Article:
By: Chrysa Smith

Chocolate Cake Slice with RaspberriesI always love watching food segments on television.

I watch Ina Garten’s show (aka The Barefoot Contessa), Chopped and even Guy Fieri’s Grocery Challenge.

So it’s not unusual that I took particular interest in the Today Show‘s food segment about 2015 trends.

Now the presenter, who was in good physical shape, framed the segment by telling viewers it was all about healthy food as the norm. Sounds good. Sounds about right in this day and age. But is it?

He started out with European stuffed breads—savory or sweet. Looked delicious, and was, according to Matt Lauer. But the presenter went on to say that they weren’t exactly low calorie. Next was the reinvention of the gyro—the delicious stuffed Greek pita that you can find on the street carts of major cities. The fillings were contemporary—not spinning beef or lamb on skewers, but new takes on the old favorites that included lots of veggies, some mandarin oranges and other non-traditional fillings. Yet according to my Weight Watchers chart, one chicken filled  pita alone costs you about 9 points. That’s about 1/3 of the day’s calories. Add to that toppings, and well, you get it. Another intriguing meal was Bing Bread. Apparently, a stuffed bread cooked up in a skillet (a la corn bread). Only this one contains bacon, cheese, sour cream and butter. Healthy? Hmm. Delicious? Probably.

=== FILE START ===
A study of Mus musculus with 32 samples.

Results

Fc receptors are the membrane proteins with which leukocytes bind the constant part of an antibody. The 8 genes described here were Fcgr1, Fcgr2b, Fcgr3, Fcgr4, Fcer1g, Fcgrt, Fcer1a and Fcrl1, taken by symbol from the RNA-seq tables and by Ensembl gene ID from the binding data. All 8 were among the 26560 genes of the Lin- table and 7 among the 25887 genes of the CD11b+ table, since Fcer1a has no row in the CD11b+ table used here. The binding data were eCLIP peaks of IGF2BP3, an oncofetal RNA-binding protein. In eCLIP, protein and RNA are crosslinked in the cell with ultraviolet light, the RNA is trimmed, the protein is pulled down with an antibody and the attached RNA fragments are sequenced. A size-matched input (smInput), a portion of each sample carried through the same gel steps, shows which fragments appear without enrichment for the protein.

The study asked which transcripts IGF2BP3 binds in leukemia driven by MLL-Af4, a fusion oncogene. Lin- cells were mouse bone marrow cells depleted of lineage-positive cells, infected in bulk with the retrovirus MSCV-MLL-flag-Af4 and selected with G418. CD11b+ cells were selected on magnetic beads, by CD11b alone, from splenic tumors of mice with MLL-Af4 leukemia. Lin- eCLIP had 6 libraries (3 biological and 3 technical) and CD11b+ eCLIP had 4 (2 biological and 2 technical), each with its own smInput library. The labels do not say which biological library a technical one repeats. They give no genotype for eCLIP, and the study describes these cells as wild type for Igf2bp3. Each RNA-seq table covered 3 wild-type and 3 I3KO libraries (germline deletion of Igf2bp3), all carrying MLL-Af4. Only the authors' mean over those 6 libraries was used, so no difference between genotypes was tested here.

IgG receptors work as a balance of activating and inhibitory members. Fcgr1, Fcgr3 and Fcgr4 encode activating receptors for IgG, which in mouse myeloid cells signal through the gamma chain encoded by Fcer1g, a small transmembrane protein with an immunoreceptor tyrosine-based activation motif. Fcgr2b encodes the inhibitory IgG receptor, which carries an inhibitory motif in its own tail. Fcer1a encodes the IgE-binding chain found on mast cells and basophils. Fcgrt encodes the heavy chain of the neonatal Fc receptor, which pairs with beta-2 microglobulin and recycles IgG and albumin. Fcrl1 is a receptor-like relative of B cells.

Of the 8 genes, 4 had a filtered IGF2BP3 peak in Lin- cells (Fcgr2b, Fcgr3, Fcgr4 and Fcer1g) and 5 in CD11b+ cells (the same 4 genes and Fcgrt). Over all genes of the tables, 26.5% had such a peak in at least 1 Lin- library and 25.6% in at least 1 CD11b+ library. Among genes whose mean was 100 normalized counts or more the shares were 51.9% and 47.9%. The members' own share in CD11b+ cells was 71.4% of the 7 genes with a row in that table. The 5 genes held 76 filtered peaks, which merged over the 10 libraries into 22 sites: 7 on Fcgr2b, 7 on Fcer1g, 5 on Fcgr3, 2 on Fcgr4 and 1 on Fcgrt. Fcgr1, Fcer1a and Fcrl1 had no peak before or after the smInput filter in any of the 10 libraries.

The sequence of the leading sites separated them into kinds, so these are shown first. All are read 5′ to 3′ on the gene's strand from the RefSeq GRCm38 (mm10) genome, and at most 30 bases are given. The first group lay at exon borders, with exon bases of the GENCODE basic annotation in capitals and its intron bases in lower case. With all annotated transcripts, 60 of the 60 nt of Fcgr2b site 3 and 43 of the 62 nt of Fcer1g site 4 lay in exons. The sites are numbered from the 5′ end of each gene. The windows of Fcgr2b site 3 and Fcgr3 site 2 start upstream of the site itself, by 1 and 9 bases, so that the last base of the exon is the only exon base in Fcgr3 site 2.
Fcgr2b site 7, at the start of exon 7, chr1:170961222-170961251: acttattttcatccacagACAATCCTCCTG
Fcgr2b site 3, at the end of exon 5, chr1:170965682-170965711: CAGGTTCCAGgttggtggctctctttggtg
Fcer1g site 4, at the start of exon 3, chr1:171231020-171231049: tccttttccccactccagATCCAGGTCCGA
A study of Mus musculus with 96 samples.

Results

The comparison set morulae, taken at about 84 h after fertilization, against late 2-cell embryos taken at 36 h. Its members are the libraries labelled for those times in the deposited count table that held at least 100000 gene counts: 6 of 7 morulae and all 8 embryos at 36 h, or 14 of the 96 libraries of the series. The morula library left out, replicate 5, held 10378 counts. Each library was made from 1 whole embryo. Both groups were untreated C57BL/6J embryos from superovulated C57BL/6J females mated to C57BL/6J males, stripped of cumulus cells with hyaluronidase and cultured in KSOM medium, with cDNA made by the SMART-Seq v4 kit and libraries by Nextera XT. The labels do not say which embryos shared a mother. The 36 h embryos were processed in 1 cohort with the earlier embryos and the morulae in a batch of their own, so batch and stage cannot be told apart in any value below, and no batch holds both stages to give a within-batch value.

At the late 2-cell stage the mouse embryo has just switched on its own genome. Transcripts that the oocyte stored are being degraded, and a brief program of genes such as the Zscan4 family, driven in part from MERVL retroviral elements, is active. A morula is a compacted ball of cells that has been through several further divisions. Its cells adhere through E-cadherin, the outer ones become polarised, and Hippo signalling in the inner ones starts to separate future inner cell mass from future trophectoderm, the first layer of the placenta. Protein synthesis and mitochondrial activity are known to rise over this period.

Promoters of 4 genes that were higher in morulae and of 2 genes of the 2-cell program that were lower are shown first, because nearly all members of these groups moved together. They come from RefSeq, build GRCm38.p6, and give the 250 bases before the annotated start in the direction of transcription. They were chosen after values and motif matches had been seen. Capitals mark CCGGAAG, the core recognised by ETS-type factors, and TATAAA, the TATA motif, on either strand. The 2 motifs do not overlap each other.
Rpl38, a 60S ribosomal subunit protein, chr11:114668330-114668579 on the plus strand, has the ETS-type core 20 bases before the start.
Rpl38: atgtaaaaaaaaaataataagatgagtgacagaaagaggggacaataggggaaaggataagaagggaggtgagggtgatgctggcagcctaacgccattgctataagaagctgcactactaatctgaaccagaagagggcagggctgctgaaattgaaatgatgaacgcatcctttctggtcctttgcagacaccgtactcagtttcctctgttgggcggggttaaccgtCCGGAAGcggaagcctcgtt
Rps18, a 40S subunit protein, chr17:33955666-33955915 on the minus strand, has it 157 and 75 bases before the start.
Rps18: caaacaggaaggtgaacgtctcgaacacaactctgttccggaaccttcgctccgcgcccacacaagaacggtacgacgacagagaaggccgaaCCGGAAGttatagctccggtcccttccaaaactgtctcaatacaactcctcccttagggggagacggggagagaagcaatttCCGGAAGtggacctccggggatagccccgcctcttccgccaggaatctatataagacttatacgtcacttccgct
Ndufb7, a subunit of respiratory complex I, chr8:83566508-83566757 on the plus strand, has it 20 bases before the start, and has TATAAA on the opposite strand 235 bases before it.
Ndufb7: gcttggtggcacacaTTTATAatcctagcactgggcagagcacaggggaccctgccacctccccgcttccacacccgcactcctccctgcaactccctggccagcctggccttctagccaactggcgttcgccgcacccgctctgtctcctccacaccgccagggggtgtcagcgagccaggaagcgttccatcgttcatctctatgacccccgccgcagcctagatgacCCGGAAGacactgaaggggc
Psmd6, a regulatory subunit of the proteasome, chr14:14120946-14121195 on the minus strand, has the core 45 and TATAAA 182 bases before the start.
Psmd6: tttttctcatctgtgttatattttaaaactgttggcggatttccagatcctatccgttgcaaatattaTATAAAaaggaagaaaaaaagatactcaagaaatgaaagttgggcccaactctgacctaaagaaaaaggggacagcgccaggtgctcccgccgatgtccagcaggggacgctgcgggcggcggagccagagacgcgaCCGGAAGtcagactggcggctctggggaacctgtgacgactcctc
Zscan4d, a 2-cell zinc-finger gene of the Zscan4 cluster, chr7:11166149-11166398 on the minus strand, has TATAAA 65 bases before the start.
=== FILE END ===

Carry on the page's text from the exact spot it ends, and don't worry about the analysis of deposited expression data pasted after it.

Say what you will about healthy food, but bottom line is that none of these ‘healthy’ foods were exactly low in calorie–or fat. You just can’t get great flavors in satisfying food, without risking the calorie intake. That is, unless you’re in the mood for a salad or plain grilled chicken.

I just wonder: How much of the food they present, do these spokespeople actually eat? I mean, look at any chef. There is barely a skinny one among them.  They are the authentic ones. They make delicious dishes. And they eat them too.

Does limiting calorie intake mean limiting taste and variety, proving that it’s just really hard to have your cake and eat it too? Unless your cake is low calorie, reduced fat—and probably, tasteless.